I can sit on my motorcycle, rumbling down Coast Highway 101, following my front tire to Seaside. As long as there is road, sometimes it isn’t possible to discover a reason to stop.
Clustered memories can explode into other years and other roads, where I didn’t know what the horizon was hiding. Each revealed plain offered a new mystery to unravel, a different place to wonder about.
It’s all about the seeking when the finding leads to more seeking, building an atlas of memory that will sustain the stories that help define my life. I can see from 101 to Burns, from Burns to Elko, from Elko to Whitefish, from Whitefish to Revelstoke, from Revelstoke to Port Angeles, place to place all over western North America.
These are selfish memories. It’s just me on the iron magic carpet. The thunder on which I ride is a mantra that frees my heart to love the world. The gratitude runs through me, buoys me, and renders me a comet of hope burning across the heavens of my everyday routine.
Coast Highway gets me where I need to be, where I used to perform my due diligence so my family would have shelter, warmth, food, and peace. The gratitude for that more than equals the wild freedom I’ve enjoyed and keeps me snug and free of having to master urban camping.
I remember not knowing where dinner was. I knew it was somewhere until it became breakfast, then lunch, and then dinner again. Going to sleep hungry, even during my direst youthful economics, was not terribly common for me, but it happened. For many in our community here on Oregon’s north coast, it is still a daily travail. I’m glad I no longer have to experience that. My situation allows me the ease of knowing where dinner is, AND breakfast, AND lunch. I’m awake. I’m intelligent. I’m fortunate.
My motorcycle is a luxury. To more than eighty percent of the humans on our planet, I live a luxurious life. When I go to Mexico I am perceived as a wealthy gringo. If I travel to La Jolla, my collar is perceived as blue. Sometimes, it’s like my very skin is the only disguise I need. It offers me the white privilege of being fairly safe most anywhere I go. Money in my pocket has nothing to do with it. But even mostly blending in, humans will still label me. It’s a leftover survival mechanism. People of color, in neighborhoods where they are the exception rather than the rule, know this very well.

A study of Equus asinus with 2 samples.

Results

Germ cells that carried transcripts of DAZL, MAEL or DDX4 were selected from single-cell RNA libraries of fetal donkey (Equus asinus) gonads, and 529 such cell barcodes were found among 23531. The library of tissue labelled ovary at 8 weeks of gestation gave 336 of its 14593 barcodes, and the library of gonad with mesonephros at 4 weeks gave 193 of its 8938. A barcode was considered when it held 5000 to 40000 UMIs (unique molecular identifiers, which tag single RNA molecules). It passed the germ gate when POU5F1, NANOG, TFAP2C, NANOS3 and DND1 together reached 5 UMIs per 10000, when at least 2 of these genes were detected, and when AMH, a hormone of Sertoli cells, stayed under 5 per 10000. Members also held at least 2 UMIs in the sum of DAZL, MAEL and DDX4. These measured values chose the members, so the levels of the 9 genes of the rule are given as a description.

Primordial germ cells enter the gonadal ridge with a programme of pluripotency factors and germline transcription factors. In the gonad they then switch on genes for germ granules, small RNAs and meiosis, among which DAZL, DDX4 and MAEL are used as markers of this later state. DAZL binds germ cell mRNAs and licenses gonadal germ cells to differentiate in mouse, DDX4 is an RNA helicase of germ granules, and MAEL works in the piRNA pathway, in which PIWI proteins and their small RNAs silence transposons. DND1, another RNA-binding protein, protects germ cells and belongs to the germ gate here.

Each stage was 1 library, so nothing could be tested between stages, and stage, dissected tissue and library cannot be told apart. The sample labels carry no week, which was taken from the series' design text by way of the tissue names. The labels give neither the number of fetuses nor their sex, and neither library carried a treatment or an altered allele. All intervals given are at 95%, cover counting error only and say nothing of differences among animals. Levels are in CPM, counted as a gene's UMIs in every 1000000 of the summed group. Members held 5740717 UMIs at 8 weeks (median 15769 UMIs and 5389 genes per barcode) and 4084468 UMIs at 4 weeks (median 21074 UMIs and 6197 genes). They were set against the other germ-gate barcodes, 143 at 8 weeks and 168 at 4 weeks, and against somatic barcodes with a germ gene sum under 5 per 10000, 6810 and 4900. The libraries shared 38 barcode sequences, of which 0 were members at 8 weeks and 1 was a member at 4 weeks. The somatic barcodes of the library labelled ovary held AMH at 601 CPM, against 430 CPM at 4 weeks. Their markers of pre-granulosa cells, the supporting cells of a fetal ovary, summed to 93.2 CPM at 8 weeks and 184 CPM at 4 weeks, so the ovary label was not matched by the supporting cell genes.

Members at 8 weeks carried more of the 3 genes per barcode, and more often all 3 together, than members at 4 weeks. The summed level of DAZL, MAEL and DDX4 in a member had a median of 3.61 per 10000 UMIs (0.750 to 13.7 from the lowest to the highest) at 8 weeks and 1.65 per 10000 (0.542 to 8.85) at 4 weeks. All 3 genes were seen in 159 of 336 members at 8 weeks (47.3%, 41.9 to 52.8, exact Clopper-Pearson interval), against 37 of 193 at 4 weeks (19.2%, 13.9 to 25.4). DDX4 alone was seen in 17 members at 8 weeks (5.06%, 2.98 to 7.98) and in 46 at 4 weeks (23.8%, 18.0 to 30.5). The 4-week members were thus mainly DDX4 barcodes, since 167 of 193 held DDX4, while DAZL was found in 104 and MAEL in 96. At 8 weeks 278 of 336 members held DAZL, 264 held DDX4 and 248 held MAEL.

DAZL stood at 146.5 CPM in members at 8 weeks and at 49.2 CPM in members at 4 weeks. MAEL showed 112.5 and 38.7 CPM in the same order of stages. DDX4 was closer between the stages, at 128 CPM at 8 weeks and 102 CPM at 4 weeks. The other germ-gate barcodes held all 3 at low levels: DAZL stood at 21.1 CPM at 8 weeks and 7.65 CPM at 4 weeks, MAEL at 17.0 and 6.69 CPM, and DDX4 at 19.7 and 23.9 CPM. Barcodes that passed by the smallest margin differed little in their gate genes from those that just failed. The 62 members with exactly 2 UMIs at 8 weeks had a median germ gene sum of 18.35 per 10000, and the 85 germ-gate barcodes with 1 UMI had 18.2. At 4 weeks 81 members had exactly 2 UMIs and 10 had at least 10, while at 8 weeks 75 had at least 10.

It’s all relative, isn’t it? I am staunchly middle-middle class here in America. To a starving Somali family or a homeless person anywhere, I am rich beyond comprehension. I become the stereotypical ugly American. Do I deserve that? Depends on who’s looking. In my own mind I am a kind man who cares greatly for the vibrant cultures all over the world. But that caring is not universally perceived. At the bottom line, I really can’t alter the perceptions that follow me wherever I go. Each destination becomes new beginning. All I can do is accept the scrutiny, try to understand each, and move through my own life sharing positive energy as best I can. Sometimes, that will be with a rumbling wind in my face.
Jim Stewart was born in Chicago and lived in Buffalo, New York, New England and Southern California before moving to Oregon where he has spent the last five decades. He has worked as a musician, truck driver, laborer, mechanic (of both vehicles and musical instruments), house painter, business owner, salesman and, through it all, a writer and poet.